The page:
Winnipeg Free Press - ONLINE EDITION
Duct tape aids in flood video
Columnist Lindor Reynolds, photographer Joe Bryksa and I got a chance on Wednesday to take an aerial tour of the Red River Valley flood zone. It's an amazing site to view from above the sea of water that has surrounded communities like Morris and St. Jean Baptiste.
I'm always looking for a different way to tell a story through video, so when Joe mentioned I should bring the GoPro video camera along, I knew we had to put it to good use.
We thought it would be an amazing visual to somehow attach the camera to the plane and have it pointing straight down, but with no obvious place to fasten we consulted our pilot, Luke from Harv's Air in Steinbach.
After assuring Luke that he would be in no way held responsible if the camera went AWOL during the flight, we grabbed a roll of duct tape and got fastening.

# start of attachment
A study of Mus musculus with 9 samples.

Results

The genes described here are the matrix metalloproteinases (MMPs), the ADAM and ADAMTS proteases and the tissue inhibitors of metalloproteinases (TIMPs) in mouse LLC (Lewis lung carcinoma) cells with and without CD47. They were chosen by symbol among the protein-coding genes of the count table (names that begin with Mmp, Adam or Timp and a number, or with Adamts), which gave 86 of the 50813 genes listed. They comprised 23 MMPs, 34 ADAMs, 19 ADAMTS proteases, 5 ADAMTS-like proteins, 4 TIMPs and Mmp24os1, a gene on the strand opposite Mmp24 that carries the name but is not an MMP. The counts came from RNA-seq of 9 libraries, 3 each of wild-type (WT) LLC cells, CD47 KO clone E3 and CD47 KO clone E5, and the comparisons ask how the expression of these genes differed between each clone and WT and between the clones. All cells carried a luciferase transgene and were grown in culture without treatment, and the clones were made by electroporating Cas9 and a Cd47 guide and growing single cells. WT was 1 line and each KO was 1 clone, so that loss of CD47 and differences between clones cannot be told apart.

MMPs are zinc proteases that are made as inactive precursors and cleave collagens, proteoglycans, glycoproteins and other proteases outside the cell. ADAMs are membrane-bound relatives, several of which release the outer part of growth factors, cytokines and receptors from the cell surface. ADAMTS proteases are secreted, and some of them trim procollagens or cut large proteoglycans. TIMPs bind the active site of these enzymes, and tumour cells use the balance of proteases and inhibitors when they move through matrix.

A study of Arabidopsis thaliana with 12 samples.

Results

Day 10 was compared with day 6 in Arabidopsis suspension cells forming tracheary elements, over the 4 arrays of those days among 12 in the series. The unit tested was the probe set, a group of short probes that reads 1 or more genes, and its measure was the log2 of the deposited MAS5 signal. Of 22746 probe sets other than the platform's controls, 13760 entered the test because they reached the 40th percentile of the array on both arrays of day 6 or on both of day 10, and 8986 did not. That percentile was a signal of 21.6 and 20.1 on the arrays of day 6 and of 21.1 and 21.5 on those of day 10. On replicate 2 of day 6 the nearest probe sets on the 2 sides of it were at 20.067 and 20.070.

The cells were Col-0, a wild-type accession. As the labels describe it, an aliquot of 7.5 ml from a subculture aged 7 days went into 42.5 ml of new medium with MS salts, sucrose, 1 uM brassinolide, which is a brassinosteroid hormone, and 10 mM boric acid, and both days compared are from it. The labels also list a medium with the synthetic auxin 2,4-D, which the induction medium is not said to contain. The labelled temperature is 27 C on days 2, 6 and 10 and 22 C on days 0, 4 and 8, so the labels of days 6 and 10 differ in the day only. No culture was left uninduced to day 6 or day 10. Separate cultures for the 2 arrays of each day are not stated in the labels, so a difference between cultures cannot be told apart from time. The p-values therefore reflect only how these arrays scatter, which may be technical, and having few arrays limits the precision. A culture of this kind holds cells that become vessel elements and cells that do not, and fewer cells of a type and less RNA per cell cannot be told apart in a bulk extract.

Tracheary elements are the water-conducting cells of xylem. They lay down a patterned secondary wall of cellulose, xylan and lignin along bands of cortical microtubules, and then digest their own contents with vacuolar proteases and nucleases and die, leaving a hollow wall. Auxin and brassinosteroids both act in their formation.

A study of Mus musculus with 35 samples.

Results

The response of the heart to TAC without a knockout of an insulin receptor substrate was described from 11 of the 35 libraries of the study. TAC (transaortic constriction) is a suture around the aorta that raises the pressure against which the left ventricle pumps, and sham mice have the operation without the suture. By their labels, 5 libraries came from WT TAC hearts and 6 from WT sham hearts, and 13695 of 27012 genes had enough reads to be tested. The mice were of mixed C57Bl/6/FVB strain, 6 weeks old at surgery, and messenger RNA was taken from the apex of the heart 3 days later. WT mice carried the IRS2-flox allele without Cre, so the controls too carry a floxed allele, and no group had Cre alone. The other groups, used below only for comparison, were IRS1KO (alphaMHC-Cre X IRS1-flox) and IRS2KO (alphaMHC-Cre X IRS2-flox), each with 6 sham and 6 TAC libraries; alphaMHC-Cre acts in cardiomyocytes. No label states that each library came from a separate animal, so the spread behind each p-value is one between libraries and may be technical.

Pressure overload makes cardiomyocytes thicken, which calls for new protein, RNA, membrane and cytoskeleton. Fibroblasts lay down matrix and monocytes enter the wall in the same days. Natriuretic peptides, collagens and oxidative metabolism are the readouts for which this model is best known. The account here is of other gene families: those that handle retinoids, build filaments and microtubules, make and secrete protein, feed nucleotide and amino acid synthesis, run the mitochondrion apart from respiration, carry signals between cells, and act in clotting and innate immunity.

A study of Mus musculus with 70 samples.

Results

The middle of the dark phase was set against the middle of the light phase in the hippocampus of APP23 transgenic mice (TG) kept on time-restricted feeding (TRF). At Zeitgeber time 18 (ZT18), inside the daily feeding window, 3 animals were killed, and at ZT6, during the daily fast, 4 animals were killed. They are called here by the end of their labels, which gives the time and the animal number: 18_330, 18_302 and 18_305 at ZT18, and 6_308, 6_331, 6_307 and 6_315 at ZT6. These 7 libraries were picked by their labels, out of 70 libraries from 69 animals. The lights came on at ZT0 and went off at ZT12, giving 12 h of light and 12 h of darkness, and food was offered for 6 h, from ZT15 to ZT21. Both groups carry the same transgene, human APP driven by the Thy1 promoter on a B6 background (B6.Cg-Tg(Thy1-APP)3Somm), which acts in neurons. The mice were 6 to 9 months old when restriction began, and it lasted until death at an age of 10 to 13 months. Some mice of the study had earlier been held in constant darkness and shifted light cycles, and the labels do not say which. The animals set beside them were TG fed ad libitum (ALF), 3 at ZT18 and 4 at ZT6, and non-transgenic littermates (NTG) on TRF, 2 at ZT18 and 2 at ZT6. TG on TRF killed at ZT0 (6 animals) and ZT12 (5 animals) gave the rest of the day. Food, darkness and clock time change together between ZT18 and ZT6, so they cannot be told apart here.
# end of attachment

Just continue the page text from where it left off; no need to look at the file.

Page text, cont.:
After confirming and reconfirming the camera was safe and recording, we took flight.
Below is a highlight reel of the great duct-taped camera experiment:
After a short but successful stint on CKND-TV's The Great Spelling Bee in 1993, Tyler Walsh knew the bright lights of television were in his future. That was before the World Wide Web came along. He lived the dream for five years, working as a news producer at Global Television in Winnipeg. Never one to back away from a challenge, Tyler left the TV business behind and joined the Winnipeg Free Press in 2008 as the company's first Multimedia Editor. He's worked with the online team and photo department to shape and grow the video product at winnipegfreepress.com, which now includes live streaming video, documentary features and live and interactive events from Canada's first News Café, which is where you'll find Tyler and other members of the online team. Feel free to drop by 237 McDermot Avenue and engage Tyler in conversation about one of three topics: Video editing, curling or Star Trek.